The U.N. Security Council on Wednesday opened the door to sanctioning groups that recruit child soldiers and commit other atrocities against minors, such as sexual violence and torture.
The 15-member council adopted a presidential statement expressing its "readiness" to impose sanctions against persistent perpetrators of crimes against children in situations of armed conflict.
The council strongly condemned all violations against children and paved the way to build on a resolution adopted last year that makes sexual violence against children, and the killing and maiming of children illegal under international law.
The all-day session had the participation of more than 60 countries and one former child soldier.
Manju Gurung is 18 years old. But when she was 13, Maoist forces in her native Nepal forcibly recruited her into their ranks where she remained under bleak and difficult conditions for the next two years. She told the Security Council that at first she was trained to dig ditches and carry heavy rocks to build roads. At 14, she was taught to use guns and be a guerilla fighter. "Many of my friends had died fighting and many had become disabled while fighting. Most of us were weak. During the war, at times, we wouldn't be able to eat for an entire week. Sometimes we would survive on water and corn flour," she said.
One day in May 2007, after the peace agreement was signed, Manju summoned her courage and slipped away from the camp and her commanders. But as is the case for many former child soldiers, reintegration into her community was difficult. "In the village, everyone continued to show suspicion toward me and to talk behind my back. My parents could no longer send me to school, and I had to leave. I went to the nearest city where I worked as a house maid," she said.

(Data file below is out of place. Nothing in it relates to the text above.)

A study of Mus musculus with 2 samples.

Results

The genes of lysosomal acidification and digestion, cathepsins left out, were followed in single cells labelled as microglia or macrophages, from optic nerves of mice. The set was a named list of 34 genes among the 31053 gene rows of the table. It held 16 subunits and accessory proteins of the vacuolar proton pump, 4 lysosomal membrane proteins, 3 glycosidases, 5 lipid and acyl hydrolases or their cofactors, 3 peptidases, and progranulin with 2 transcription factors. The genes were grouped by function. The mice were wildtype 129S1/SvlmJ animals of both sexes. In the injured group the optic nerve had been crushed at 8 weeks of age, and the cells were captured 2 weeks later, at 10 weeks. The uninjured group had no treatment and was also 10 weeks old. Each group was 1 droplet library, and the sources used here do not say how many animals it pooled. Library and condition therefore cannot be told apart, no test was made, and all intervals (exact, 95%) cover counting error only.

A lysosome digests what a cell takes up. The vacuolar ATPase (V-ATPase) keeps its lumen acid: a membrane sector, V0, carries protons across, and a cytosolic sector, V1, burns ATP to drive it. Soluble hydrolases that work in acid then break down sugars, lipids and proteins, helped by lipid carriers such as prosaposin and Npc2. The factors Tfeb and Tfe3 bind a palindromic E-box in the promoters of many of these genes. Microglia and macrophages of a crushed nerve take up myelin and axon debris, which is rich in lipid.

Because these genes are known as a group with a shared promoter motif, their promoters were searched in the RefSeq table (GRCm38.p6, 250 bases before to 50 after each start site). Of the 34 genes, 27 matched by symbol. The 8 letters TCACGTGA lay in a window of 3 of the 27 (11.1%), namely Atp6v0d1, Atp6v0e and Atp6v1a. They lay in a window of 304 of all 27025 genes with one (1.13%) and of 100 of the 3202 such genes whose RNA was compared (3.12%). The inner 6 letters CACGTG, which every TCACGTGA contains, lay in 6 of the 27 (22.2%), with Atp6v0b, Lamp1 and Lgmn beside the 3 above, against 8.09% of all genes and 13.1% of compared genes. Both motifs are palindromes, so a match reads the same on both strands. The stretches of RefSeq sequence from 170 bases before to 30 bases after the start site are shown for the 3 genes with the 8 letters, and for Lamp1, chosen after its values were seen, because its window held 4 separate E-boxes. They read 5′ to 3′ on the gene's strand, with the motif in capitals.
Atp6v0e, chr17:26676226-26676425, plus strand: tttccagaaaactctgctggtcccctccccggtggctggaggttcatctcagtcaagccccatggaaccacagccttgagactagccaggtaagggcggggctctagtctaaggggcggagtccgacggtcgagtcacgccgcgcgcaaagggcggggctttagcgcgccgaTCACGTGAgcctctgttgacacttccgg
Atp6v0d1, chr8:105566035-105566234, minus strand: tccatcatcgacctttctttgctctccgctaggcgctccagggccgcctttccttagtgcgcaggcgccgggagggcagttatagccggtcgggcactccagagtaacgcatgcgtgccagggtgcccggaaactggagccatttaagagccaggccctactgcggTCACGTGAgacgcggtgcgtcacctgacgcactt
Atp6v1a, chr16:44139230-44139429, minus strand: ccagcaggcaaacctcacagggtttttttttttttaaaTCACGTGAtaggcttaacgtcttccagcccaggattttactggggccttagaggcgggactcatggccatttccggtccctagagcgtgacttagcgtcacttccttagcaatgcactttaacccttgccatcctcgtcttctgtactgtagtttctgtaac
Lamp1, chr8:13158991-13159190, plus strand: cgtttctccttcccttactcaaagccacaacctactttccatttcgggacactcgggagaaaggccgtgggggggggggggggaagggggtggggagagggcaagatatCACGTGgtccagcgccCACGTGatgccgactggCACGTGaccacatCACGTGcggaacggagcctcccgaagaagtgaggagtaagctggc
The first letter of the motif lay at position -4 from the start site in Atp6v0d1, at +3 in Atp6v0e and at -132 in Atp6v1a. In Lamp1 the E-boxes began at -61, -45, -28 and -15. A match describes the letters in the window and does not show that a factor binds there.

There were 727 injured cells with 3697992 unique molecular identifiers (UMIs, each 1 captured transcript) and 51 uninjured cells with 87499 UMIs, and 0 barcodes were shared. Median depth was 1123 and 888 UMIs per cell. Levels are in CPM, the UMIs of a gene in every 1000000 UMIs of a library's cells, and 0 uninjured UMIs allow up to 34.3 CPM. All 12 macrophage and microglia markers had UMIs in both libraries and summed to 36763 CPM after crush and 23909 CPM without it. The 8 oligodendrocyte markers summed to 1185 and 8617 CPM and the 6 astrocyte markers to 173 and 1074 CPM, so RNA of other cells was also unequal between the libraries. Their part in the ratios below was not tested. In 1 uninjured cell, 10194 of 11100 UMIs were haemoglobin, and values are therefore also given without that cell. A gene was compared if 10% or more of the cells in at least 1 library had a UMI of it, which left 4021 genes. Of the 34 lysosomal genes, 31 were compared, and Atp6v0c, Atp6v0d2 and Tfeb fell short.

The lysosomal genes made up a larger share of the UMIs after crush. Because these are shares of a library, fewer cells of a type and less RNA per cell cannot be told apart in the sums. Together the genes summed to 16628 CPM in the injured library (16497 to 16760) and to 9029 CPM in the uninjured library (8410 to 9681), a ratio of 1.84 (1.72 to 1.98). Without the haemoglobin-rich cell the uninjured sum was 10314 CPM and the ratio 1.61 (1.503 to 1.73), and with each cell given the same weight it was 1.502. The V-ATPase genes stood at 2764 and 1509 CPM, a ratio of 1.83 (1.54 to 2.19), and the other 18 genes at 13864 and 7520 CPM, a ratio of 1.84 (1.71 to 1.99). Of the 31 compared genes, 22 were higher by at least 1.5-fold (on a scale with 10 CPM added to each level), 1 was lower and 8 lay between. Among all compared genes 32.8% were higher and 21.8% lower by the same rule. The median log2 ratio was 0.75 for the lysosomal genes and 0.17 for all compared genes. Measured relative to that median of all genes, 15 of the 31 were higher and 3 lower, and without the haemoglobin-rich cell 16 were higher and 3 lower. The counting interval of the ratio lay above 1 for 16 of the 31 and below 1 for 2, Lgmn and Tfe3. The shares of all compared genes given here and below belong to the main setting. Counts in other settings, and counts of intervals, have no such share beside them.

Eventually, with help from the United Nations and aid groups, she rejoined her family in their village where she is continuing her education.
U.N. Special Representative for Children and Armed Conflict Radhika Coomaraswamy said that because of the U.N.'s intervention, the Maoist party in Nepal has released almost 3,000 children. She reported some success as well with armed groups in the Philippines and Sudan.
But the violations still outnumber the success stories. A report from the U.N. Secretary-General lists dozens of parties -- mostly rebel groups in Africa, Asia and Latin America -- that commit some of the most heinous crimes against children. The penalty for those crimes could soon be higher.